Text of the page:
Years later, kmail still is not a viable email client?
René J.V. Bertin
rjvbertin at gmail.com
Thu Oct 15 22:28:52 BST 2020
On Thursday October 15 2020 20:49:21 Marek Kochanowicz wrote:
>Anyway, I can't understand why one would insist on running KDE on a obsolete
An obsolete machine could still have a nice, complete and well-thought out desktop environment, to serve for (simple) document editing, web browsing and other tasks which shouldn't require a competition PC. NB: many brand-name PCs and laptops that are sold in department store are in fact more or less obsolete PCs, because of the components they use.
Compare this with the Mac OS. As far as I know the current version should still support my MBP from early 2011 and the trend has always been that newer versions do not slow down older hardware (the same can NOT be said for iOS!).
There is no hard reason why this would NOT be possible for KDE.
>> KDE 5 works for people with higher end computers, which excludes a huge
>> percentage of Linux users. Akondi is the primary culprit.
I agree with Marek: akonadi is not the main resource hog. It could really burn some CPU and hog the d-bus under KDE4 but that issue has been addressed. Of course akonadi *is* the main culprit for issues in KMail/Kontact so if that's basically all the only KDE application you use you might get a skewed impression.
>> ever runs. I can't use KDE 5 even with Akondi disabled on a machine with 4
>> gigs of RAM. Something is wrong there.
Yes, on your end. The aforementioned Chuwi tablet PC has only 4Gb of RAM. Sure the Plasma desktop shell is less responsive than the XFCE desktop but there we are comparing something written largely in QML to something using GTk2 (meaning the core libraries are written in C, not C++). On the whole the PC doesn't suffer worse under KDE than it does under XFCE or Enlightenment.
>> The PC is redefining itself right now. KDE can help keep the PC platform
>> alive or it can help doom it, relegating people to phones, tablets and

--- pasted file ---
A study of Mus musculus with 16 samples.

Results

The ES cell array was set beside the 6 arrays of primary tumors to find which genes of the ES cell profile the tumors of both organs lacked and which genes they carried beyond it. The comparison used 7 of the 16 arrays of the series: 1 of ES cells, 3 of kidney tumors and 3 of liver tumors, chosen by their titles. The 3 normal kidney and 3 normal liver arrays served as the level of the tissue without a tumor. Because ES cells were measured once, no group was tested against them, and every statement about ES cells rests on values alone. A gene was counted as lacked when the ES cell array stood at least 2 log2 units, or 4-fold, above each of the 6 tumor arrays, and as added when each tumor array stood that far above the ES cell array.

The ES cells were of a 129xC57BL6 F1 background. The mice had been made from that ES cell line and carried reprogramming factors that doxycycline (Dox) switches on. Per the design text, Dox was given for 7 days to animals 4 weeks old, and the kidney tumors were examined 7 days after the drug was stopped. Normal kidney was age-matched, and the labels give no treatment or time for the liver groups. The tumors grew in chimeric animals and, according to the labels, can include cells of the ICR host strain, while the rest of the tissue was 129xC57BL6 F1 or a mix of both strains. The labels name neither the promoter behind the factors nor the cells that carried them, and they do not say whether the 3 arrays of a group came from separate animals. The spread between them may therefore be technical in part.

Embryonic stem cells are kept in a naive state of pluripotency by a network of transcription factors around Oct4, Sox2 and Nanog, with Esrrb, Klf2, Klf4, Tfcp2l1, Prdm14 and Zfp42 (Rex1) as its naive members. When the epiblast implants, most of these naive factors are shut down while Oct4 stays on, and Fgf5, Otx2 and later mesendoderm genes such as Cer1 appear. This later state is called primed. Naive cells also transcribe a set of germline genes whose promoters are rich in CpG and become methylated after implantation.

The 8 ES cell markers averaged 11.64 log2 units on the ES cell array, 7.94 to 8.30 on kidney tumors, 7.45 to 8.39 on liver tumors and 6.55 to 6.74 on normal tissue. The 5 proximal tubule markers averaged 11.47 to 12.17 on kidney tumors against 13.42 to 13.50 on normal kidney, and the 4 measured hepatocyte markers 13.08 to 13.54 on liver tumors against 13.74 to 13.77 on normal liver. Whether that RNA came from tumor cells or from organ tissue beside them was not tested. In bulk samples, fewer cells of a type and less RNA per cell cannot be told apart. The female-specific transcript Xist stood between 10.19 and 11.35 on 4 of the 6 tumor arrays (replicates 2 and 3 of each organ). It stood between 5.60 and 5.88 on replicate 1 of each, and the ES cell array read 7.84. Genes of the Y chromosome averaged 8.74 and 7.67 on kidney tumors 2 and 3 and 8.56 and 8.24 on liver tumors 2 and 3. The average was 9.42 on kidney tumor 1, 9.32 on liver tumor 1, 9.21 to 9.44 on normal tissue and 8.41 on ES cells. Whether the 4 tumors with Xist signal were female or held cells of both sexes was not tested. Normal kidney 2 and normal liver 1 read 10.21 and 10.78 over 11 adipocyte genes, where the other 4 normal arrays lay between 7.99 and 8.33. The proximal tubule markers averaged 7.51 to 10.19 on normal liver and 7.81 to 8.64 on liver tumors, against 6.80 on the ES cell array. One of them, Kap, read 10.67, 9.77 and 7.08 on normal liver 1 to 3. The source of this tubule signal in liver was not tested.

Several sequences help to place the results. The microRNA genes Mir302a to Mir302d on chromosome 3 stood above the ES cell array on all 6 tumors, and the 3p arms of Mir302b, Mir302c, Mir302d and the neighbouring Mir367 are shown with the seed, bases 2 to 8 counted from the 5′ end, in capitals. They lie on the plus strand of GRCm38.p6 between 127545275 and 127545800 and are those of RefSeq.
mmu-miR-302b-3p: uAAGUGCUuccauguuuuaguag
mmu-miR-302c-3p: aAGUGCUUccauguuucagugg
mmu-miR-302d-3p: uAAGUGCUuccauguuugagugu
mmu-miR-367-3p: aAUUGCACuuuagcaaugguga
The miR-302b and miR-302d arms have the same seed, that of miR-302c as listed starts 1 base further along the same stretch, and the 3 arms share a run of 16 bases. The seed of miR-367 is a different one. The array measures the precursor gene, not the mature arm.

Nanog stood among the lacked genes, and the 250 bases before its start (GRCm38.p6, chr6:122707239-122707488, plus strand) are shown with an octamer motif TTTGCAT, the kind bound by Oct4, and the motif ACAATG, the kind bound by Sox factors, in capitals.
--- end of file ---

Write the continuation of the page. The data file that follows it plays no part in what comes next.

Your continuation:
>> Android as a primary OS. The desktop needs to evolve and be good at things
I think the KDE team sees things the opposite way. People will move to phones & tablets anyway if they no longer have a need for the things they had a desktop or laptop for. They appear to have taken this observation as a justification to focus on development for tablet and phone environments (under Linux or possibly even Android) and to make the traditional desktop look more and more like what everyone (ahem) is used to on phones and tablets, nowadays.
>> You want to see KDE grow in users, make it friendly for low end machines.
I don't think the ever increasing use of QML is going to help in that department. Nor with
>> Make it smooth, pretty and efficient
>> people will flock to KDE.
No, people flock to distributions that made a name for themselves, which are known not to cause trouble with their hardware and for which you can find the usual 3rd party applications that aren't usually shipped by distributions. If those few select distributions make KDE a well-visible and preferably install-time option (if not the default), people will use it. If not, well, there's always the select few who'll bother installing it and setting it up themselves...
I for one did experiment with different DEs when I was considering getting a Linux machine in addition to my Mac. KDE 4.10 or 4.11 seemed a reasonable alternative that was acceptably comparable to OS X so I installed Kubuntu 14.04 (still using an updated descendant of that install!). I'm not happy either with the design choices and directions taken in KDE5 but it's still the only DE I can live with.